William Wordsworth (1770-1850) - Coggle Diagram
William Wordsworth (1770-1850)
Born in in Cumberland in 1770;
in 1791 study at St John’s College,
in 1791 he travelled to Revolutionary France and was fascinated by the Republican movement.
In 1792 he had a daughter, Caroline, from a French
In 1795 he made friends with Samuel Taylor Coleridge,
in the 1797-179;
write Lyrical Ballads;
in 1843 he became the
died on 23 april 1850
the Reign of Terror led him to become estranged to the Republic, and the war between England and France return to England;
in 1795 he moved to Dorset with his sister Dorothy, his most faithful friend.
in 1799 William and Dorothy moved to the Lake District;
he married Mary Hutchinson
and they had 5 children;
Lyrical Ballads (1798);
Lyrical Ballads (2nd edition, 1800); this edition contains the famous ‘Preface’, the Manifesto of English Romanticism;
In his Preface expressed a new concept of poetry as spontaneous feelings expressed in common language.
This was to become one of the most famous documents of literary criticism in English literature.
Poems, in Two Volumes (1807);
The Prelude (1805);
The Excursion (1814).
I Wandered Lonely as a Cloud
On 15 April 1802 the poet went for a walk with his sister Dorothy.
the two walked in the countryside, they were struck by the view of an immense group of daffodils.
This poem is the reconstruction made by Wordsworth of this experience.
perfect example of Wordsworth's theory that poetry is a recollection in tranquillity, and that his task as a poet is to transform the commonplace into the extraordinary.
The speaker is, in fact, recollecting a past experience: he was walking 'as lonely as a cloud' when suddenly he saw a group of daffodils beside a lake and under the trees.
At the time, the poet was overjoyed with the scene but didn't realise the profound implication of the experience.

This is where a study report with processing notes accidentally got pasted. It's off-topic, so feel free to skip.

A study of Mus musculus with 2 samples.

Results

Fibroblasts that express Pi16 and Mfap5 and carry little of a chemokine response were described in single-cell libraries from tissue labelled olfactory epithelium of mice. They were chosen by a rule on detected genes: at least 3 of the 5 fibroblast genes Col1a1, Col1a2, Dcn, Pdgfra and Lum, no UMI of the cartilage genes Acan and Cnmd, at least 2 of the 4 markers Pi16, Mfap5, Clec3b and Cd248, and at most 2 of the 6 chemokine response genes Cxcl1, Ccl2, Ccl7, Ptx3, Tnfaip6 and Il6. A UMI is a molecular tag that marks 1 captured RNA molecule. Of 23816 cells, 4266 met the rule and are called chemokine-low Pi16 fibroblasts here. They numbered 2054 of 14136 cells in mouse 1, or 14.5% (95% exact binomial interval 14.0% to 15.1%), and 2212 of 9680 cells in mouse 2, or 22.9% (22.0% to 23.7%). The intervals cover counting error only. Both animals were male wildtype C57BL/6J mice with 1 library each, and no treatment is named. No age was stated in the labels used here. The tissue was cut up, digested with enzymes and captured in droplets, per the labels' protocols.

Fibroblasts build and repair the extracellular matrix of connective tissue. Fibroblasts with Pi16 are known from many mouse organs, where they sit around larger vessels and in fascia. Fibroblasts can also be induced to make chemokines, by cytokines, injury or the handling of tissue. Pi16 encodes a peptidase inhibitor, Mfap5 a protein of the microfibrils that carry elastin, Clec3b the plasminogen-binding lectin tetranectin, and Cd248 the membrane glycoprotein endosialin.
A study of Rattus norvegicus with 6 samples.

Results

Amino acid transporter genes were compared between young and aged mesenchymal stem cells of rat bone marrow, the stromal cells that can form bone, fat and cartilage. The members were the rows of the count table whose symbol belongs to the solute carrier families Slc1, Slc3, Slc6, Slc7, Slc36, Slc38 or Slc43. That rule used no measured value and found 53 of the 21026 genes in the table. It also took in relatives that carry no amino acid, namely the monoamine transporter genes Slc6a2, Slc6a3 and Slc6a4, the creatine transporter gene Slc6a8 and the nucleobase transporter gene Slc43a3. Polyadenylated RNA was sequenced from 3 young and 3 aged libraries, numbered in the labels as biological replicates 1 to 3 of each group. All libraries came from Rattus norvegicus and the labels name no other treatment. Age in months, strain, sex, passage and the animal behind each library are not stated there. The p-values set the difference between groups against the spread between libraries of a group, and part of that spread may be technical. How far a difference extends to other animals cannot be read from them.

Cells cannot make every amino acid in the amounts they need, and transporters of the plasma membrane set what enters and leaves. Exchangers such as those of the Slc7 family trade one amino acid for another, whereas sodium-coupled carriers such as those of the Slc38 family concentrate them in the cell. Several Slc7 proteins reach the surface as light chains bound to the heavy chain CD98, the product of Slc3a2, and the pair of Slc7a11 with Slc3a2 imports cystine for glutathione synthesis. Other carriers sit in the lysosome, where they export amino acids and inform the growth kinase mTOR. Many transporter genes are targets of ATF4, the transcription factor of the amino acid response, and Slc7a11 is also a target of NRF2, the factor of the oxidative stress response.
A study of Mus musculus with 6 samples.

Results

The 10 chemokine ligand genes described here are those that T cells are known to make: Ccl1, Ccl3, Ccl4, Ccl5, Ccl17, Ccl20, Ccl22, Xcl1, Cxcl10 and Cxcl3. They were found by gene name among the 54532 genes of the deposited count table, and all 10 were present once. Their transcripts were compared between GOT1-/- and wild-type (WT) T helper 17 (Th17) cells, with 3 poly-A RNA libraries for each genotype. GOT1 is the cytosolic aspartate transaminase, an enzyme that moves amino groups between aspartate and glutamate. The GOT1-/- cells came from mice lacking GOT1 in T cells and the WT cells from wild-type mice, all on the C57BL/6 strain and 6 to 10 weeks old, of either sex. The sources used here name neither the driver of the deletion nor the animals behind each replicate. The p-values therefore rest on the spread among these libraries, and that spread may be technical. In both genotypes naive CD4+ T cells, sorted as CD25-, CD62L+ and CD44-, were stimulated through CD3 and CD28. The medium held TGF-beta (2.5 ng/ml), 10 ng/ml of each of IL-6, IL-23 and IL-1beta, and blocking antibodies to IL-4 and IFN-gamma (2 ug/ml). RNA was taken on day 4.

is only the present recollection of that joy that enables him to transform the experience into poetry, and to use the power of imagination to change a seemingly commonplace event into an extraordinary one.
Therefore, the simple daffodils are personified, and dance more than the waves do, and are so numerous and bright as to resemble the Milky Way.
Man and nature
pantheistic view of nature: nature is the seat of the
spirit of the universe;
nature comforts man in sorrow, it is a source of joy and pleasure, it teaches man to love, to act in a moral way.
The poet’s task
The poet = a teacher
Shows men how to understand their feelings and improve their moral being.
Draws attention to the ordinary things of life where the deepest emotions are to be found.
style is plain and easy to understand.
his contents focused on the subjects of childhood, of the memory of childhood in adults and of the lost connection with Nature
His images and metaphors mixed natural scenery, religious sentiments and memories of his own childhood in the country.
THE ROLE OF IMAGINATION AND MEMORY
The poet himself is seen as a visionary figure with a heightened sensitivity and imagination which allowed him to respond to experiences that other men might have failed to understand.
In the Preface he maintains that poetry should flow from 'emotions recollected in tranquillity; focusing on these genuine feelings rather than on poetic technique.
In Wordsworth's vision of the poetic process of creation, the poet is inseparable from Nature, to which he belongs and which represents his main source of inspiration, joy and emotions. The poet's feelings and sensory perceptions are aroused by Nature and refined through memory, an active capability which allows the poet to re-create a purified version of the emotion or feeling he originally felt. This 'kindred emotion' is the core of poetry and is transmitted to the reader through it.